Pacific Greens unable to convince locals of environmental perils

By William Huggins, Nevada Green Party

For the last ten years the Pacific Green Party has been working to protect Jordan Cove, a rugged but ecologically sensitive area on Oregon’s southern coast, from fossil fuel development. The PGP gave its support to a protective ballot initiative, entitled Measure 6-162. In early May voters in Coos County soundly rejected the measure.

Measure 6-162, also known as the Coos County Right to Sustainable Energy Future Ordinance, would have banned “non-sustainable energy systems.” While it did not mention Jordan Cove specifically, the ordinance would have affected the Coos Bay terminal and the 231-mile pipeline which will feed it. The ordinance also would have banned the bulk transportation of fossil fuels in the specified area.

“The folks in Jordan Cove are keeping the terminal alive,” said G. H. Oliver, Chair of the East Portland Friends of the Pacific Green Party of Oregon. “They want the jobs, I guess.”

The coastline of Jordan Cove is home to threatened spotted owls and critically endangered gray whales, of which only 150 may be left in the world. The whales migrate very near Jordan Cove. A coalition of tribes from northern California and southern Oregon—including the Yurok, Hoopa, Karuk, Modoc, and Klamath—vocally opposed the pipeline and terminal, citing potential harm to salmon fisheries which are a vital part of their subsistence and which have already been negatively affected by dams built upstream.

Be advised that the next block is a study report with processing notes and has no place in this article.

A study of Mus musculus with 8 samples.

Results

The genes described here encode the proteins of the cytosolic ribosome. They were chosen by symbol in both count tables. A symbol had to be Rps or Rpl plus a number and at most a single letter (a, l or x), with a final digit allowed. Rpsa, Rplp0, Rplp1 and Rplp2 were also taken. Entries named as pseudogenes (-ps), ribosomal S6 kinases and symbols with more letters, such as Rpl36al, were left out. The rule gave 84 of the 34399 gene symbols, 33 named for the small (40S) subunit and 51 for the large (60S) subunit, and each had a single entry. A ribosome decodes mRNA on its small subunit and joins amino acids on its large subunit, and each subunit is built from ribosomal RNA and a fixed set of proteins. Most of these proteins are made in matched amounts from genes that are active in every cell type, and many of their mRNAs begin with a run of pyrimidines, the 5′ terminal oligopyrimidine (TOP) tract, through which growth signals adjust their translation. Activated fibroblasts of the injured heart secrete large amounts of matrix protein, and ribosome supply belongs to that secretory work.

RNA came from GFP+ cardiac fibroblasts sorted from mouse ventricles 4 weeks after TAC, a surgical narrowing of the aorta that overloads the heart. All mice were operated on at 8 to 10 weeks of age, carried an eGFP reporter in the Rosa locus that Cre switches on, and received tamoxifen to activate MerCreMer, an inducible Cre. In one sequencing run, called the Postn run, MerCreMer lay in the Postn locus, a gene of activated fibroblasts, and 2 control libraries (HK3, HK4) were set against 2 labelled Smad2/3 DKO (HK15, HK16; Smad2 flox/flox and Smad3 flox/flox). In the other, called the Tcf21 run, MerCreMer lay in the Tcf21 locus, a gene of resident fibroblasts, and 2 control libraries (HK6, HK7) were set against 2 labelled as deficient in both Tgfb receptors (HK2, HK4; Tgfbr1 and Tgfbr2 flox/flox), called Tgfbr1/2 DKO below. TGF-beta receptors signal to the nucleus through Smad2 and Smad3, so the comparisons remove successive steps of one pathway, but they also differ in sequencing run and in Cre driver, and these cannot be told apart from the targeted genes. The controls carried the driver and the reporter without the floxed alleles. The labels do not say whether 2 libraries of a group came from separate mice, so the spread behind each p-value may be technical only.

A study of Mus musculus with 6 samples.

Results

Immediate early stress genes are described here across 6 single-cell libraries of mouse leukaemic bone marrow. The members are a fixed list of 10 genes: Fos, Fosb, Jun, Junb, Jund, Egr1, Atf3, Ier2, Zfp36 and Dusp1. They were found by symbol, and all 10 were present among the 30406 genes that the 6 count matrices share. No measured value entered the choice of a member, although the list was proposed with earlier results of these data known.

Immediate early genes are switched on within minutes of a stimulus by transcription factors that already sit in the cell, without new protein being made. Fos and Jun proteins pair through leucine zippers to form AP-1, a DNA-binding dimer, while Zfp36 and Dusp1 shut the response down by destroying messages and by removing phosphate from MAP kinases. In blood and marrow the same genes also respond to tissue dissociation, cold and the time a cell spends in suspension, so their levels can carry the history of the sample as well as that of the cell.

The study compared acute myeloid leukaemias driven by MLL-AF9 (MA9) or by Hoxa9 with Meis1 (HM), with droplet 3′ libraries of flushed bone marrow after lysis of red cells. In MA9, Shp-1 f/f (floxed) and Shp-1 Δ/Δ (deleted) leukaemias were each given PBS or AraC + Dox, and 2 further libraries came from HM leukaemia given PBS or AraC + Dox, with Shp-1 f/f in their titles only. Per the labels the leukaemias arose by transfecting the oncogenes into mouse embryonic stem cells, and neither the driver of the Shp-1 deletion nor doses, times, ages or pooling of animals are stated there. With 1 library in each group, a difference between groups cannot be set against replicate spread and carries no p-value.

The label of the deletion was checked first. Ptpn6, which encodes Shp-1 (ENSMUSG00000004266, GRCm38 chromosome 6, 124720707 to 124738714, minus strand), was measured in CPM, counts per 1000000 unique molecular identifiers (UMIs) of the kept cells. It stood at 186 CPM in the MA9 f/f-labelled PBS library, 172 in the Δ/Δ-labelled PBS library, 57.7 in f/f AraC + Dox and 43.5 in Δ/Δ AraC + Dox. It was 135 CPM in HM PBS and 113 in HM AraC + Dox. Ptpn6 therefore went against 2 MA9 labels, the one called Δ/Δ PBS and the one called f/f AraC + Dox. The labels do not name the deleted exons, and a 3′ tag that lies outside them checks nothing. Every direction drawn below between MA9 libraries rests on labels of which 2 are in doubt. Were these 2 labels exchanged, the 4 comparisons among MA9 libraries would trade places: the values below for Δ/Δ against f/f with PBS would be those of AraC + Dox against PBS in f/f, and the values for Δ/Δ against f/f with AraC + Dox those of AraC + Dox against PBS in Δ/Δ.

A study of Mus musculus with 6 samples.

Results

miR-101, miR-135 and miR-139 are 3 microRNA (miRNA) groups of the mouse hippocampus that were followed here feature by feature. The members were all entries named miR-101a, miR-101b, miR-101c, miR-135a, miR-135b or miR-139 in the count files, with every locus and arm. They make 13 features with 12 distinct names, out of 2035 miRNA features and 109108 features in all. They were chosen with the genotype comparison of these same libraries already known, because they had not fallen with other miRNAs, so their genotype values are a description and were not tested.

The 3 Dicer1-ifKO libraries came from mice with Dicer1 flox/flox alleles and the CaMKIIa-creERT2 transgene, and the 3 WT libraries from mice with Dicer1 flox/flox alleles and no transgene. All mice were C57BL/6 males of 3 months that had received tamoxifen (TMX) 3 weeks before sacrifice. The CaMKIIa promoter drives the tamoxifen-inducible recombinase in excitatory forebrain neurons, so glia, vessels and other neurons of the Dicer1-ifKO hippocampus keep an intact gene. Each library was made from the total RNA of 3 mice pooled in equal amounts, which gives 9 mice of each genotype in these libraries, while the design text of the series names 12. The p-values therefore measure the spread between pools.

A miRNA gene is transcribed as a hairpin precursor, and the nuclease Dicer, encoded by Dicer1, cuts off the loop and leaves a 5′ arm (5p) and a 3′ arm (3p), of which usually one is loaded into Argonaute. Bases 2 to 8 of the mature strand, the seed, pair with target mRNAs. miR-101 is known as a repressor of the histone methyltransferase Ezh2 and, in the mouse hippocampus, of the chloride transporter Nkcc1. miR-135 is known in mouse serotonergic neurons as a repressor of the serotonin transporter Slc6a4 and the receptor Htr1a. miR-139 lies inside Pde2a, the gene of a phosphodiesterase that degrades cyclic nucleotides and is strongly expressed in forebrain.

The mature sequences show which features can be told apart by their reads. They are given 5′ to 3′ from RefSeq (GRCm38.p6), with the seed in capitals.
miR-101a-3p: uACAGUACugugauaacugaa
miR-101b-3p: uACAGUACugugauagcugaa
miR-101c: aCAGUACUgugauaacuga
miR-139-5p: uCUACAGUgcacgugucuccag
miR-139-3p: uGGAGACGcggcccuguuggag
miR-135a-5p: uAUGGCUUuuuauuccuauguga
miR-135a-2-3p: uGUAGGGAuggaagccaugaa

“LNG pipelines don’t leak … they explode. The blast radius of an LNG pipeline is 600 feet. My house is 200 feet from the pipeline,” said Clarence Adams of Ten Mile, Oregon. In 2014 an explosion at Northwest Pipeline in Oregon caused the evacuation of people within a two-mile radius of the pipeline and shut down road and rail traffic along the Columbia River.

Jordan Cove’s parent company, Veresen, Inc., is based in Calgary. Attempts at motivating banks to rescind funding through divestment, similar to tactics used in the Dakota Access fight, seem unlikely to work as all of the funding for the pipeline comes from Canadian financial institutions. Local pro-development advocates seem unmoved that the fuel moving through the pipeline and terminal are destined for markets in Asia, not the United States. Versen Inc.’s application was originally rejected by the Obama administration but the company reapplied in January, perhaps rightly believing the Trump administration will see the project with friendlier eyes.

“Of course there will be resistance. But…very disappointing for the long, exhausting battle,” said Oliver. “Jordan Cove is literally a ticking time bomb to all of our communities in the region. It is not an ‘if’ there will be a dangerous situation, or fail to the operation, but ‘when’ and ‘where’ it happens.”